Tampa Bay Buccaneers

Depth, Strength of Bucs' Receiving Corps Can Help Entire Offense Improve

The wideout room is seemingly one of the team’s strongest and deepest units, which could provide a domino-effect of all-around improvement for the rest of the offense this season.

Football is the ultimate team game. You've probably heard that phrase before. But that's because it is. No player is isolated and two seemingly separate units can have a direct impact on one another. That's why it's not weird when a left guard calls out the receiver group for being a unit that can help the offensive line this coming season.

Guard Ali Marpet was the first to take the podium for a pre-training camp press conference on Wednesday. He fielded the usual questions about his move from right guard to center to now left guard in the past three years and the success of the line in general. But he pointed to a maybe unexpected unit for why he's optimistic about the latter: the wideout group.

"It's crazy," Marpet said. "There is a lot of talent and there is great coaching, and I think it's a great room. The cohesiveness there is really nice and I think that's something that's kind of built up. But yeah, between DeSean [Jackson], Mike [Evans], Chris [Godwin], Adam [Humphries], there's a lot of good players. That's going to help us run the ball, that helps everything. It helps everything from an offensive standpoint."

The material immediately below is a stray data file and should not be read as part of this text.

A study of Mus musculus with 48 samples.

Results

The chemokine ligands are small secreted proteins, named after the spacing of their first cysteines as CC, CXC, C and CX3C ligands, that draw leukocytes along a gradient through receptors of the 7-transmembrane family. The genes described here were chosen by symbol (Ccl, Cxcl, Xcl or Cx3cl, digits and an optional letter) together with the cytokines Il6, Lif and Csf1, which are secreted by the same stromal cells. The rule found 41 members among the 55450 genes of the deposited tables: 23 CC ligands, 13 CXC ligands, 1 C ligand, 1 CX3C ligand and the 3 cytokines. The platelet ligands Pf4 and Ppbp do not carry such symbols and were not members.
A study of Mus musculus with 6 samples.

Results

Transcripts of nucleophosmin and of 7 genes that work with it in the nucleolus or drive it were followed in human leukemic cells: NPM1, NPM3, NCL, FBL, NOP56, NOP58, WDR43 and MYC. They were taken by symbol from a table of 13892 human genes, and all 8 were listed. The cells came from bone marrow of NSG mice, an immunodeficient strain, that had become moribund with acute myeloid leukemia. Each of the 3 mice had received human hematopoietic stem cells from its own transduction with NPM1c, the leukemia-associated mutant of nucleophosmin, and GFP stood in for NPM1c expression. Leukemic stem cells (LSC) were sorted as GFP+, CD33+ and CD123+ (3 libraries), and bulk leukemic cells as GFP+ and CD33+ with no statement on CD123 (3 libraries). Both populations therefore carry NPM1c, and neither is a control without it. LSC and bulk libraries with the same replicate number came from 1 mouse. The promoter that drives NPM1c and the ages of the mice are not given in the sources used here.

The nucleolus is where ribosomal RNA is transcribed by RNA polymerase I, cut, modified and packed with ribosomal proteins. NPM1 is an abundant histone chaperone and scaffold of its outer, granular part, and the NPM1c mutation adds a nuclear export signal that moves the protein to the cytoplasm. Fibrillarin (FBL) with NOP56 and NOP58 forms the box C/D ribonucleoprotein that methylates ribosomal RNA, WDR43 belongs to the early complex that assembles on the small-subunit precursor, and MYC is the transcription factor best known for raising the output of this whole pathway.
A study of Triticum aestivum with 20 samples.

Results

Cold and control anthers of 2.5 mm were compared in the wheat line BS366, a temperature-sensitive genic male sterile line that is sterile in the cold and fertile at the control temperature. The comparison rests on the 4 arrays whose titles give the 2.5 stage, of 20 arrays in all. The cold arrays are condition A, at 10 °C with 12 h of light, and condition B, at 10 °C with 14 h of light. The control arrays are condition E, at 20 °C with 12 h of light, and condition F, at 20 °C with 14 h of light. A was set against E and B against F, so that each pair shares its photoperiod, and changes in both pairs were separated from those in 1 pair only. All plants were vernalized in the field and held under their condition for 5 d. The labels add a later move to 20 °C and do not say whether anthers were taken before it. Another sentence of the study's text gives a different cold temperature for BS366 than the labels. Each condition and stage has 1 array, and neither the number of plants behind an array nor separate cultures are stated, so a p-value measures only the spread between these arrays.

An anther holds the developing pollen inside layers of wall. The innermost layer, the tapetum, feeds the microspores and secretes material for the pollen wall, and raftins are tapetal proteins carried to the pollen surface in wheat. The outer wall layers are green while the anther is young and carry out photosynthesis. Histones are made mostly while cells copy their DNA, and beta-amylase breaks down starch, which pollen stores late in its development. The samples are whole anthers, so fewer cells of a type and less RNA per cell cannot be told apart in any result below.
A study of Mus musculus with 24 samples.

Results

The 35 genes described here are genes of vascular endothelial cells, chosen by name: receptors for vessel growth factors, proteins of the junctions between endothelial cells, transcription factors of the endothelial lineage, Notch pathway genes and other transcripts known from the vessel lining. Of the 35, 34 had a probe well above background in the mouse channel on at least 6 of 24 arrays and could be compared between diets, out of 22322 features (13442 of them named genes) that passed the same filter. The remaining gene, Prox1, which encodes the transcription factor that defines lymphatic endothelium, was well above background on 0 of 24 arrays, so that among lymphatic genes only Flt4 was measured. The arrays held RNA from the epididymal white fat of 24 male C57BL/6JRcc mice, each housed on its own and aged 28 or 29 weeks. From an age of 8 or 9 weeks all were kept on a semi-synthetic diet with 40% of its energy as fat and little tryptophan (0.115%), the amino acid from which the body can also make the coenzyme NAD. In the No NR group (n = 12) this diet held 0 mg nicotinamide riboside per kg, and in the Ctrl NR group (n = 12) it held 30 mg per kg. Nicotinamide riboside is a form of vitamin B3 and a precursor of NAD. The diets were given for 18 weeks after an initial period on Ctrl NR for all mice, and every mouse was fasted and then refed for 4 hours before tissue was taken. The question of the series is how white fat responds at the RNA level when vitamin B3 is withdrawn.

It goes back to that whole 'team game' thing. Theoretically, with the threat of a passing game, more defenses will opt to drop into coverage and even double-cover receivers, leaving less men to bring pressure up front. With more wiggle-room in that first level, the line can focus on creating holes for running backs instead of guarding against an incoming blitz. That's of course banking on the fact that whoever is calling the opposing defense doesn't opt to bring more pressure to hurry the quarterback into an errant throw. But with all the options the Bucs have at each receiver position, even a quick throw to the slot could be costly. Just ask wide receiver Mike Evans.

"I feel like we have one of the deepest and one of the best receiver groups honestly in the league," Evans said. "I'd put us up against anybody. When we are playing our best, you've seen it, we can compete with the best of them around the league."

Despite a disappointing year in 2017, the Bucs had the fourth-ranked offense in the NFL. That was largely due to the passing game. Bucs' quarterbacks racked up 4,366 yards and 26 touchdowns through the air. The Bucs routinely had four receivers involved in the game last season. Add in tight ends and some pass-catching running backs and there is no shortage of offensive options for the Bucs. While options are aplenty, Evans wanted to take a little more ownership on behalf of the receivers for the team's offensive success.  

"Hopefully the receiver room can drive the team," Evans said. "A lot of our talent is in that receiver room and we're hoping to get a lot of big plays this year."

Those receivers will be under new receivers coach Skyler Fulton, who spent last season as the team's offensive assistant. With probable increased roles for second-year players Chris Godwin and Bobo Wilson, along with the return of vets like Mike Evans, DeSean Jackson and Adam Humphries, the receiver group should very well be able to make those big plays Evans was talking about, which should help out the entirety of the team.

"I'm excited that football is back," Evans said. "We had a bad taste in our mouth from last year and we're excited to get the ball rolling."